The Bard's Tale


I once killed a man in Reno just to watch him die.

Distractions from battle...

My office mates

Please, sir, put it away. I'm married!

The bard meets his match.

Say hello to my little friend!

Consequences of taking advantage of a fair goblin wench.

Could this look any more fun?


This Bard Doesn't Sub White Mage
Platform: Playstation 2, Xbox, & Windows
Developer: inXile Entertainment
Publisher: Vivendi
Rated: Teen

For those of you old enough to remember, the original The Bard's Tale was released for the Apple II computer way back in 1985 and was later ported to other computer platforms. One of the first games released by Interplay Productions, Tales of the Unknown, Volume I: The Bard's Tale was a big hit for PC gamers and spawned two popular sequels, The Destiny Knight and Thief of Fate. The producer of the original title, Brian Fargo, moved on to form inXile Entertainment in 2002 and a remake of The Bard's Tale is the first title from that new company.

The story of the original Bard's Tale was pretty cut and dry. An evil wizard and his evil minions cast an evil spell on a countryside full of innocent townsfolk. The bard and his band of adventurers must set off to release the spell and bring peace back to the land. It is unclear how much the remake will resemble the original in terms of plot development. In fact, the developers tell gamers to "forget the quest to save the world, our hero is interested in just two things...coin and cleavage." Whether or not these humble desires could launch the bard into a more dramatic adventure remains to be seen, but one thing is for sure: the bard's penchant for humorous debauchery is likely to permeate into much of the game's story.

Gameplay in The Bard's Tale is typical action RPG in line with the Baldur's Gate: Dark Alliance series. In fact, the combat engine is based on the same one used in Dark Alliance and Champions of Norrath. Unlike these titles, no co-operative mode is available in Bard's Tale. This does not mean that the bard will be forced to venture alone. During the course of his adventures, the bard will be able to summon a slew of magical creatures to fight along side of him. These creatures, of which there are sixteen total, range from common bar rats to exotic lightning elemental spiders.

The bard is fairly customizable as far as an RPG hero goes. Stats are broken down into strength, vitality, luck, dexterity, charisma, and rhythm, the last of which affects the power of summoned creatures. From the start, the player can customize these statistics as they see fit, and more points can be distributed as the bard levels up. At the beginning of the game the player is also prompted to choose a "talent" for the hero. These talents include the abilities to wield two-handed weapons, dual-wield weapons, find additional treasure after combat, and counterattack, among others.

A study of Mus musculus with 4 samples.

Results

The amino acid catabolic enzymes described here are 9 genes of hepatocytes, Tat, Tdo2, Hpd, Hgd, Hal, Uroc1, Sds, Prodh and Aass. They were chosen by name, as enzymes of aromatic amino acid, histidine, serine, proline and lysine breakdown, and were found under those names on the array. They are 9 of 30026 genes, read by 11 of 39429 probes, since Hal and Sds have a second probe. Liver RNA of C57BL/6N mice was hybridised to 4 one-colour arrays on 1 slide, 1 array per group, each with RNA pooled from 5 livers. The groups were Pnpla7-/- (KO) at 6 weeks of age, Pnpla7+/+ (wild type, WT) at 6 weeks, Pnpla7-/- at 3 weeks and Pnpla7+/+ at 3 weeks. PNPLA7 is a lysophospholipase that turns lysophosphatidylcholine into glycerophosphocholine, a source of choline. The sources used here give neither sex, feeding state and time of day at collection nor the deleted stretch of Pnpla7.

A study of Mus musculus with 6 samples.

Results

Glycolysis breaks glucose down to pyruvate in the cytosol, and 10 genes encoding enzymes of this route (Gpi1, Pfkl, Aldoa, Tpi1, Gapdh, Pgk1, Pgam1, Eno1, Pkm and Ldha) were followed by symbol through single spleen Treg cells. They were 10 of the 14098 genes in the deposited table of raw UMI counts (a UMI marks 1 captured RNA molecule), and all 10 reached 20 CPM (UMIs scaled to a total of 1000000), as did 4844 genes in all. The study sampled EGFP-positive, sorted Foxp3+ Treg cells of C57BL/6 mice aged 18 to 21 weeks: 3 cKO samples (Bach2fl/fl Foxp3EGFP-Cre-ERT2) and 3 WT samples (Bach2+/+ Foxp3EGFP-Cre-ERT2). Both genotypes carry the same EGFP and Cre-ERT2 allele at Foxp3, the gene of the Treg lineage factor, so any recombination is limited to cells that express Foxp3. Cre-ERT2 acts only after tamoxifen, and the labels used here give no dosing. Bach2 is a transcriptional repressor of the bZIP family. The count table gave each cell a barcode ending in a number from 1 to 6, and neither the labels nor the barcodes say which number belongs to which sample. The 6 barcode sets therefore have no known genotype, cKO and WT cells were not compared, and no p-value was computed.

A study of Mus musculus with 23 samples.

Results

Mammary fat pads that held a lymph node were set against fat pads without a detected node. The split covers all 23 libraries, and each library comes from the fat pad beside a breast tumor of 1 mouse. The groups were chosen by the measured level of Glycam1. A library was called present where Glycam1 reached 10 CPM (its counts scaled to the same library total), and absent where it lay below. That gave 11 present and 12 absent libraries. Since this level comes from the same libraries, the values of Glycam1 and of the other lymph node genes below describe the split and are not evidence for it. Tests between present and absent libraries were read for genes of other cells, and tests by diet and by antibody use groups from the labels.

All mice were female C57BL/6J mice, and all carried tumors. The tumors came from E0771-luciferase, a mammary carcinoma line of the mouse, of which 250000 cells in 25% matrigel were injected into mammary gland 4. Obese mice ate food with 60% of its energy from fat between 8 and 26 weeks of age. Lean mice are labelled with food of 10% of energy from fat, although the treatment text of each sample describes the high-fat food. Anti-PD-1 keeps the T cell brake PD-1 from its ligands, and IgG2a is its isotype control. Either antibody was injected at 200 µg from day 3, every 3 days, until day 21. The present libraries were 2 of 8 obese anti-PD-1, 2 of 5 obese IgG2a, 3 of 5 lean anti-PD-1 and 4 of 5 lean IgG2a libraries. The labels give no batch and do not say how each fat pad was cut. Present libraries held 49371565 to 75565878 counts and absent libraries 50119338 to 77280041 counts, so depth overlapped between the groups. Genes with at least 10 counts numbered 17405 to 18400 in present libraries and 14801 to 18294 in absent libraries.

The bard has a variety of weapons and special abilities at his disposal, as well as an array of magic via the aid of his summoned creatures. Hopefully the variety of skills will alleviate some of the tedium encountered in other titles in the genre. A few things have been addressed to remove some of the annoying aspects of other top-down dungeon crawlers like Baldur's Gate. For instance, useless loot dropped by enemies is automatically converted into currency so the player isn't forced to return to town every five minutes to unload inventory on the local shopkeeper.

The dialogue of The Bard's Tale is one aspect that sets it apart from any other entry into the genre. Throughout the story, the player controls the response of the hero by choosing between a snarky or nice attitude. Both tend to be sarcastic, but the former can give the bard a good excuse to really rip into a NPC. The decisions that the player makes can have an effect on the story later on. If the player gets on someone's bad side, there is a good chance they will attempt to get back at the bard in the not-too-distant future.

Appropriately, graphics in The Bard's Tale seem to be a slightly upgraded version of those seen in Baldur's Gate and Champions of Norrath, so expect them to get the job done well. The voice-acting in the title is reported to outshine just about any other RPG on the market. The bard is voiced by Cary Elwes (from The Princess Bride and Robin Hood: Men in Tights) while the narrator of the story is Tony Jay who provided voices for Xantam The Beholder in Dark Alliance and Magneto in the recent X-Men Legends. The two talents interact quite a bit during the story, resulting in a lot of witty banter.

The Bard's Tale looks to be a solid entry into the action RPG genre with a sarcastic and humorous edge that is sure to set it apart from similar titles. Look for its release on October 26th.